We just had a short term project in Puno (March 29-April 10). On the way there, I rode with Ruben and Eliseo in the truck with supplies and suitcases. It is a 6 hour drive, and the closer we got to Puno, the colder it became. We stopped at a lake and took some pictures of the snow topped mountains. After that, we came to a traffic stop. The traffic was stopped because there was snow and ice on the road and a tractor/trailor had slid across the road, blocking it. This caused a car to run into the truck, followed by a bus, and SUV, and another car. This effectively stopped the traffic for 45 minutes. And fortunately, it was our side of the road that was opened first! We got to Juliaca and got turned around as to where we needed to turn to get to Puno. So Eliseo was asking everyone where we needed to go. I was cracking up! Then when we got to Puno, we had the name of the hotel, but didn't know where it was, so, let's just say, it took us a while to find that too. No one in Puno knew where the hotel was. We finally found it by accident. We happened to pull up right in front of it. And, of course, it was raining. So, even though we had plastic on the suitcases, some of them were still wet. Everything worked out okay...I got checked in at my hotel, and they went to their's. I thought Lynda was coming a little later, but her flight got canceled, so she came the next morning with everyone else. Tara did come a little later though.
And this was the view from our hotel room! Amazing! Lake Titiqaqa is at the top of the picture, the Plaza de Armas is to the left (you can see part of the cathedral and the white police building that are on two sides of the plaza).
Francis, Geremias, and I went to the plaza to eat lunch before the team came, so we took our pictures in front of the cathedral.
This little boy wasn't too sure about me until I helped him get to the top of the dirt pile. Then he came and got me every time he "needed" to get to the top of the dirt pile.
We had a "Huatia" (pronounced wateea) for the short termers in Jaliwaya. It is a method of cooking potatoes. They heat the stones with fire, put out the fire when the stones are hot, knock out the top of the "oven" so the potatoes can be put in, and the stones are put in with the potatoes. Then, dirt and grass is piled on top to keep the heat in. After 20-25 minutes, the potatoes are done, and dug out. Then everyone enjoys some potatoes with fresh cheese. Sammy had the job of digging up some dirt to put on top of the stones and potatoes.
There is a hill at the edge of Puno with a cross at the top. On Good Friday, the people make the trek to the top. Here you can see the zigzag to the right and then the line of people up to the cross. This is their penitence for their sins (they are mostly Catholic).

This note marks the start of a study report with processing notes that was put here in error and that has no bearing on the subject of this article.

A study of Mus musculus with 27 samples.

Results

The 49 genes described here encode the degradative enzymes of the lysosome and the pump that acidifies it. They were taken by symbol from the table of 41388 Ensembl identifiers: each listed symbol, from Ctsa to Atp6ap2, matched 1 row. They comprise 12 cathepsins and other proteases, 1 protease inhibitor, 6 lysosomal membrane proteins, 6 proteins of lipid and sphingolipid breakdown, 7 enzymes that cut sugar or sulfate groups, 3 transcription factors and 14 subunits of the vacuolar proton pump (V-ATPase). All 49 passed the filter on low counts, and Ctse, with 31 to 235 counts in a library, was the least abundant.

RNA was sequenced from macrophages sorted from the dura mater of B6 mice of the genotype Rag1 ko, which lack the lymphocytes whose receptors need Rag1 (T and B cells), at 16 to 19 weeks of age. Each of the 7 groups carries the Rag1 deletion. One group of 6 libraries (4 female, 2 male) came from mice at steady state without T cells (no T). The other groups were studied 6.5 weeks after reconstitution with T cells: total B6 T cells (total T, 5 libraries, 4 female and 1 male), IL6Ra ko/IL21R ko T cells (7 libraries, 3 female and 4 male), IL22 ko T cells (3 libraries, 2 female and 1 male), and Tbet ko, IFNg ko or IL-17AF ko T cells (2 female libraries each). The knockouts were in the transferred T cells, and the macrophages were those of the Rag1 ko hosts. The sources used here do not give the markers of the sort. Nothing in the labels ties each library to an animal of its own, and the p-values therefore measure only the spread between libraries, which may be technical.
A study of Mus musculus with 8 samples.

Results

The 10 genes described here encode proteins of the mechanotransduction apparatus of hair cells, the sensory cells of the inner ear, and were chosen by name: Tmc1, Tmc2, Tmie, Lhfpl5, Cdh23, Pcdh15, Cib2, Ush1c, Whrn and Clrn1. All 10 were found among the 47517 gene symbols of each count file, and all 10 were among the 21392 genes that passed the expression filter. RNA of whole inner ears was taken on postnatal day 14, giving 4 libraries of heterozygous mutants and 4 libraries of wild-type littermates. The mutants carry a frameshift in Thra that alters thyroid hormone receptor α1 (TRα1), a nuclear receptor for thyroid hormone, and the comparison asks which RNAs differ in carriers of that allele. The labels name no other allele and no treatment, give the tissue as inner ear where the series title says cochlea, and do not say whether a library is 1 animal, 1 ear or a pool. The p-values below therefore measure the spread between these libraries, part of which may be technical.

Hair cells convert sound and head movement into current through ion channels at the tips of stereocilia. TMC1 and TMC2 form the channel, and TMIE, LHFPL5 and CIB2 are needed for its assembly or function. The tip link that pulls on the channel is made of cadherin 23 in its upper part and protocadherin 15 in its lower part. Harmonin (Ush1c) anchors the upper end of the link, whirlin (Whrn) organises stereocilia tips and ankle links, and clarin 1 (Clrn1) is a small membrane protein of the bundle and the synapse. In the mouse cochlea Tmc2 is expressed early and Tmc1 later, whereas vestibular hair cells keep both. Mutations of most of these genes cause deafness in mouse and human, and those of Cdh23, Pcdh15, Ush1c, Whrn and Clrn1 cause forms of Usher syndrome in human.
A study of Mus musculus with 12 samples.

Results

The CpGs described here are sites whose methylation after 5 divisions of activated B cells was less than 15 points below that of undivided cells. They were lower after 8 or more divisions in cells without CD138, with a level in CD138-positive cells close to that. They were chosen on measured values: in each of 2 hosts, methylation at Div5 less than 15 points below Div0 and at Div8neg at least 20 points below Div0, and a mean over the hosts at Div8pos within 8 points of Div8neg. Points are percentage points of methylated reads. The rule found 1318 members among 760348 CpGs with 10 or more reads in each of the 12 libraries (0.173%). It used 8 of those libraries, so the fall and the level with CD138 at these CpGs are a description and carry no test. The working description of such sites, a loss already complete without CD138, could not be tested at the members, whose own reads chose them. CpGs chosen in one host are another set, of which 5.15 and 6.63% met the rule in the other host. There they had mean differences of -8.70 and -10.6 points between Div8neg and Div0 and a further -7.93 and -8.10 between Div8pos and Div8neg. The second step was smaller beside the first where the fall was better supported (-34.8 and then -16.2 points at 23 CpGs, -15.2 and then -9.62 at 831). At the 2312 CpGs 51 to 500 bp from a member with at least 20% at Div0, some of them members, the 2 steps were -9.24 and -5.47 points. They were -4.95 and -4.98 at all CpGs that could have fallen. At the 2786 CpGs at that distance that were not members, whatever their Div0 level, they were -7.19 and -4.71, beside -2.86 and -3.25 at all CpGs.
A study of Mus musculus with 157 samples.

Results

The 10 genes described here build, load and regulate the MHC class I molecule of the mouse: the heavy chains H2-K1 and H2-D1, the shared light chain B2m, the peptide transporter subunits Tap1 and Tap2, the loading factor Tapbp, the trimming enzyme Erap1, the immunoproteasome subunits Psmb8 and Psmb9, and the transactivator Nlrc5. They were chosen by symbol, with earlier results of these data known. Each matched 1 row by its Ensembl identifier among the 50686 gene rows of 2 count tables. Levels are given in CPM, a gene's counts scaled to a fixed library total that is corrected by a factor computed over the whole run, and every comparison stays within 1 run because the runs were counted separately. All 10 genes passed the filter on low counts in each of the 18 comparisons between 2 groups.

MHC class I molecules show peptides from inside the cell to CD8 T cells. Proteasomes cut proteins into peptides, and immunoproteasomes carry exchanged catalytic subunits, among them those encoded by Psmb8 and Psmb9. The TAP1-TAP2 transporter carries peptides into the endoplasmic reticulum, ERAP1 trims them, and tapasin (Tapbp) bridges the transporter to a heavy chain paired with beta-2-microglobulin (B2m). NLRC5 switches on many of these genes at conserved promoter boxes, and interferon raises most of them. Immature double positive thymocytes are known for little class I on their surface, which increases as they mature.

This is the AMAZING view from there.
This is one of my favorite pictures, because, even though it is blurry, it shows how hungry people are for the love of Christ. Gere was in the front seat to the left with his white baseball cap. He was evangalizing to the other man in the front seat. We were sitting back farther in the combi, so Gere had no idea what was taking place. The lady sitting behind him was intently listening to what he had to say. Some times she was leaning over almost right beside Gere's head so she could hear what he had to say. She got off the combi in Ilave, and we were going all the way to Juli, so we didn't get to talk to her, but Gere planted a seed with her, without being aware of what he was doing! It is amazing how God works, and how the seeds can be planted even when we don't know it is happening.
This was our group when we went to Uros. That is the floating islands in Lake Titiqaqa. We put on clothes of the people who live there and participated in a dance. Our hostess was Maria.
After Uros, we went to the island of Taquile. It is not a floating island, but a very large island in the middle of Lake Titiqaqa. This young boy was one of our servers. The men of Taquile where these types of hats. If there is a large white stripe in the hat, that means they are not married yet. The hats look like olf fashioned sleeping caps and hang down to the shoulder blades.
I know I put lots of tourist pictures in this blog, but I want to say that their were many days of construction, impact projects, and services. The team built the central church in Puno, and we had our big Easter celebration service there in the church. Over 100 people came to know the Lord over the course of the project, and many more lives were impacted by the work of the short termers. Thanks to everyone for the prayers for this project.
And, coming up in May, we have a project in Puerto Maldonado and another one in Puno. Please be praying for these upcoming projects. Also, if you would like to come on any of the upcoming projects, look on the extreme website at www.extremenazarene.org.